In a new report, UCLA’s Criminal Justice Program (CJP) argues that proposed alternatives to the money bail system are too often constrained by the notion that risk assessment tools are the only or the most effective alternative. The report -- “Creating a Needs-Based Pre-trial Release System: The False Dichotomy of Money Bail Versus Risk Assessment Tools”--proposes an alternative that allows pre-trial detention to be used only in a very limited set of circumstances, while supporting those released pre-trial with community-based, voluntary services to ensure return to court and that other vital needs are being met.
CJP’s report argues for robust pre-trial detention hearings and proposes a community care and support agency “CASA” that jurisdictions around the country could create to support individuals released pre-trial. In addition, the proposed model would not rely on risk-assessment tools to determine who is released, as there have been concerns that these tools may lead to an increase in racial disparities in the criminal legal system.
Such an alternative system “is vital to transforming the way we as a society treat people who are legally innocent, are awaiting their trial and are often subject to horrific conditions inside jails and who may lose their jobs or housing simply because they wish to exercise their constitutional right to a trial,” says Alicia Virani, The Gilbert Foundation Associate Director of CJP. Virani went on to say “encouraging the supported release of more people pre-trial, particularly during the COVID-19 pandemic should be a priority for all decision makers as pre-trial detention has become a death sentence for many.”
Máximo Langer, Faculty Director of the CJP, adds: “The recent discussions on how to regulate pretrial release in California and beyond have often been limited to a choice between money bail and risk assessment tools. Given that the judgment about risk assessment tools is still open and the serious concerns expressed about them, this proposal puts together another alternative to money bail that would treat those subject to the criminal process more humanely and more fairly, and may better advance the goals of pretrial release.”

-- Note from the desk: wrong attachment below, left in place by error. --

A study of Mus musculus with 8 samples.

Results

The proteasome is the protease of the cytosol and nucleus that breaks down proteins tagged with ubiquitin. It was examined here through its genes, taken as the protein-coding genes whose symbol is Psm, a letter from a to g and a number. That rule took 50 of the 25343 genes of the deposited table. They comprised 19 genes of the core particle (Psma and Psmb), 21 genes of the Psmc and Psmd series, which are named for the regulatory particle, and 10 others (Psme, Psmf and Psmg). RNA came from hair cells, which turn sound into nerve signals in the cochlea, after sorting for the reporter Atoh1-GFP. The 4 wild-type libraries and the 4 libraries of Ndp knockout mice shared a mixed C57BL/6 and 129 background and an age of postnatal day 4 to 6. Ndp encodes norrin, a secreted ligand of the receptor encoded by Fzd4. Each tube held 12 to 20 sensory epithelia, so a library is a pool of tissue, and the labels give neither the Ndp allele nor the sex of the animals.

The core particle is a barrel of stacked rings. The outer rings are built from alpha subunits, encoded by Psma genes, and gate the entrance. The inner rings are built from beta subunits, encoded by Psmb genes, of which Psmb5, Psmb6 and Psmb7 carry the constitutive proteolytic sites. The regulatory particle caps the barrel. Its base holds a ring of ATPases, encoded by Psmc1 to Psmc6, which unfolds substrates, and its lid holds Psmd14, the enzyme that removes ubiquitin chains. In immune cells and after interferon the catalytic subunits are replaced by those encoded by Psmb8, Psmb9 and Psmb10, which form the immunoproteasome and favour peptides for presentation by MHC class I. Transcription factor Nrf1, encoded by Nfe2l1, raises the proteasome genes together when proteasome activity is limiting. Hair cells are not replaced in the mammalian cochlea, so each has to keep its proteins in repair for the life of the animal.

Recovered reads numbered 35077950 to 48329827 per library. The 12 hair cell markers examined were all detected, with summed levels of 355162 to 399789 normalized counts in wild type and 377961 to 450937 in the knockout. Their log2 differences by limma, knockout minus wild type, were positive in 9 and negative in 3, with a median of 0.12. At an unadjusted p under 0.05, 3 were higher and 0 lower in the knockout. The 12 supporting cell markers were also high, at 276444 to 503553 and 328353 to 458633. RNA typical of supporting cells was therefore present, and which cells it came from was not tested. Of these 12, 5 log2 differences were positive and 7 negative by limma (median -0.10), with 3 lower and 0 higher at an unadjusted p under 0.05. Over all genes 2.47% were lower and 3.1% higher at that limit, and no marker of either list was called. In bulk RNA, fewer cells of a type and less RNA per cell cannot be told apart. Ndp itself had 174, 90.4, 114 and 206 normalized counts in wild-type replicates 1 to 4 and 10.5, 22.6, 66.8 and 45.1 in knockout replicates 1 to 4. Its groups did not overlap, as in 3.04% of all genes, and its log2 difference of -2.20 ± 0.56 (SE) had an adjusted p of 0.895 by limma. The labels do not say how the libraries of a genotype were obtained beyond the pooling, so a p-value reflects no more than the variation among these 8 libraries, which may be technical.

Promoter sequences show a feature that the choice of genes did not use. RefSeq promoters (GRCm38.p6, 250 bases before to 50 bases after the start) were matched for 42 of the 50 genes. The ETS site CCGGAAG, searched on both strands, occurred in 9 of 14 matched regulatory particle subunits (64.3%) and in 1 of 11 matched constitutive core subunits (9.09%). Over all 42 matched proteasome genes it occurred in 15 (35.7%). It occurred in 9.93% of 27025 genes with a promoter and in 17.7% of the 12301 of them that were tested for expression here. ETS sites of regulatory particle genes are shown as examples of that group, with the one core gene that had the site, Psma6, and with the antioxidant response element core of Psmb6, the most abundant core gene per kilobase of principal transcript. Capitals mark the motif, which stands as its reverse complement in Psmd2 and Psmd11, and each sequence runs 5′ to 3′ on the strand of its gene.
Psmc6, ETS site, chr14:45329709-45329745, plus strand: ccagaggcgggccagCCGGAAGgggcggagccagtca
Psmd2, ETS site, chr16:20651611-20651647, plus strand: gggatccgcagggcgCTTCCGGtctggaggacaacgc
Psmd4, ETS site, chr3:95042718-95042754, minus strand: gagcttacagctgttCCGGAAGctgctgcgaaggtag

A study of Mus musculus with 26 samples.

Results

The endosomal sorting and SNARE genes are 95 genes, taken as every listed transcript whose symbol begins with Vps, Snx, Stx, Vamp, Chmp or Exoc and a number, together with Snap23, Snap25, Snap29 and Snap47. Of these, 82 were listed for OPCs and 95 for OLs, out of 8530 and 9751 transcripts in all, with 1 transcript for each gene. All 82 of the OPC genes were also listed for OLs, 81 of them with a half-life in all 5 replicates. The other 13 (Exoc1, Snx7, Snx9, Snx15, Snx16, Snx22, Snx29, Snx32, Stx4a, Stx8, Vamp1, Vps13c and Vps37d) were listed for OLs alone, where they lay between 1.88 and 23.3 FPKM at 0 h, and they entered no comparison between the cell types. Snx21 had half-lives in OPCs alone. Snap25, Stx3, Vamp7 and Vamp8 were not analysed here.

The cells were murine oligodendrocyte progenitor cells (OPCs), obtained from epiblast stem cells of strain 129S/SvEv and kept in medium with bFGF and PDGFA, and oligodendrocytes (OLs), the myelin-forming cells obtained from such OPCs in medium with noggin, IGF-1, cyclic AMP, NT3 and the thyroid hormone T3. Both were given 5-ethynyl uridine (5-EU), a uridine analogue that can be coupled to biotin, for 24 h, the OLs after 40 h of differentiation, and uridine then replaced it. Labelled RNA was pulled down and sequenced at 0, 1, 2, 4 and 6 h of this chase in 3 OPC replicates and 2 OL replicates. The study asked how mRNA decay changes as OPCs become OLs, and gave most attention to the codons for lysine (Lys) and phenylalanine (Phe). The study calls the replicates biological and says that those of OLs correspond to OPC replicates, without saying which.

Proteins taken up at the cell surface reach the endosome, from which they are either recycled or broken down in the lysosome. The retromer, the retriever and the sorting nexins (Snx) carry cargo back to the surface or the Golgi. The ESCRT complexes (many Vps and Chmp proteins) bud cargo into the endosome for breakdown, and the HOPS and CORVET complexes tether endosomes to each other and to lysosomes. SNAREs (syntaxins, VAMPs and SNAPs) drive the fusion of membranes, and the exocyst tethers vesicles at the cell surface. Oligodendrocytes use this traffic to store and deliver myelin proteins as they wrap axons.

Rodrigo Padilla-Hernandez, a student who helped author the report through UCLA School of Law’s Bail Practicum, Fall 2019, stated “This report seeks to show that there is another way - a path founded on the principle that all people are innocent unless proven guilty, and that we have no right to punish anyone who is innocent, no matter how much society may suspect them to be guilty. The CASA proposal requires more from us than our current failing carceral system, but it promises to give what our carceral system never could: help, care and shelter for those in need.”
The Report may be accessed online.
For more information, please contact Alicia Virani at email@example.com or 310-486-6907.